In the wake of the terrorist attacks in Paris, CBS tabled this week’s episodes of “NCIS: Los Angeles” and “Supergirl.” Both featured plotlines that closely mirrored real-world events: “NCIS: Los Angeles” focused on the search for a teenage girl recruited into a terrorist organization; “Supergirl” centered on the heroine contending with a series of bombs that explode throughout the city.
Shelving the episode indefinitely was a joint decision by the studio, the network and the creative team, according to “Supergirl” executive producer Greg Berlanti. “We all independently and collectively thought that it would be insensitive and in bad taste to air it,” he told Variety.
But while sensitivity and restraint is a reasonable course in the short term, a larger question looms as to whether this latest wave of terror has any lasting impact on the creative direction of U.S. TV programming.
History has shown that some series don’t shy away from directly confronting even the thorniest political issues. Take “24,” which debuted on Fox just two months after 9/11. While the country was still reeling, the take-no-prisoners drama gave Americans something they deeply wanted — a sense of mastery over a chaotic and unpredictable world.
“There was some wish fulfillment,” recalls “24” executive producer Howard Gordon. “Viewers wished they’d had a Jack Bauer to stop the events of 9/11. The show became resonant in many ways because of that, both for good and bad. But when Abu Ghraib and Guantanamo became part of the national conversation, Jack became the poster child for the issue of torture.”
Other series took a more nuanced perspective to the war on terror, like the Syfy drama “Battlestar Galactica” — which examined the philosophical roots of terror — and Showtime’s “Homeland,” which depicted the psychological costs to the individuals waging that war.
“Alex (Gansa) and I thought very much about not having the answers, but trying to understand the questions and the complexities,” said Gordon, who also developed “Homeland” and serves as executive producer along with Gansa. “Drama on television is a great way to try to work through ideas. What’s our response to this rising threat? It’s a challenge. Having been fishing in this particular pond for 15 years, it’s now more elusive than it’s ever been.”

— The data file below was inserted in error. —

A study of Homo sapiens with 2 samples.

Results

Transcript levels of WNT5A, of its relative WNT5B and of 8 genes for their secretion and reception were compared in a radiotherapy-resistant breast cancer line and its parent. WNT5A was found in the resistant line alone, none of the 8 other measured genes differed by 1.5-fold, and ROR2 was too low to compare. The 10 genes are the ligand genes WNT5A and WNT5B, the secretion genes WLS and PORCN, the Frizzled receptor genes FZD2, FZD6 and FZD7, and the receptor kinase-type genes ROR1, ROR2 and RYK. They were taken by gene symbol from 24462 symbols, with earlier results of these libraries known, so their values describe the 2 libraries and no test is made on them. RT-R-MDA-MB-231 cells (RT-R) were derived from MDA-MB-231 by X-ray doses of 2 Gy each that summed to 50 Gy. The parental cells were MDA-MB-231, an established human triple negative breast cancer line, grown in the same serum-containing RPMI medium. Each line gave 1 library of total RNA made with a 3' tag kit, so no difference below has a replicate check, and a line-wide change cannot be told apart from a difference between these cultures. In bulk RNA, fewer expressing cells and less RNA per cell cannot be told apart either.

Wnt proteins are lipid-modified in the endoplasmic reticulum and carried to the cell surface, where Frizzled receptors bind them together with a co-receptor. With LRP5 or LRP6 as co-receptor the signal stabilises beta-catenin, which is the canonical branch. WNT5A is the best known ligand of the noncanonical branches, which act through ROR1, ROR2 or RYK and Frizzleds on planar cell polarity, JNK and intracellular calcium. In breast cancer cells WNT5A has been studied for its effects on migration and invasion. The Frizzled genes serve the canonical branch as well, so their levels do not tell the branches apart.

This season, two of broadcast’s breakout hits both wade in these waters, albeit through a bit more superficial lens: “Blindspot,” a spy-themed NBC drama, which is also from Berlanti’s shop, and ABC’s “Quantico,” which centers around an imagined terrorist attack in New York.
Reps for “Quantico” declined comment on how recent world events might reshape the series. (Sunday night’s episode aired as scheduled, but with a “viewer discretion” disclaimer.) “It’s not a show about terrorism,” exec producer Mark Gordon told reporters at the TV Critics Assn. press tour in January. “It’s a show about these young people at Quantico.”
Given the headlines, the question is whether executives will now be hesitant to greenlight shows that tackle terrorism head on. Gordon said execs were nervous about “24,” but audience number spoke volumes. “TV is always a mirror of current events, whether it’s Archie Bunker or ‘24,’ ” he said. “It is a way for people to experience what we’re all living through in a way that’s much easier to go down than news.”
And it’s a tricky line to walk, said producer Carlton Cuse (“Lost,” “The Strain”) acknowledging the need to balance sensitivity with creativity.
“Obviously the scary part of all of this is that none of us can see what the future is going to bring,” Cuse said. “I hope that it doesn’t cause de facto censorship in the way we work as storytellers. I hope that enough people see the virtues of free expression that storytellers of all forms — whether journalists, TV creators or movie writers — will still be free to tell stories that are a complete reflection of the world they live in, which unfortunately includes terrorism.”
Maureen Ryan contributed to this report.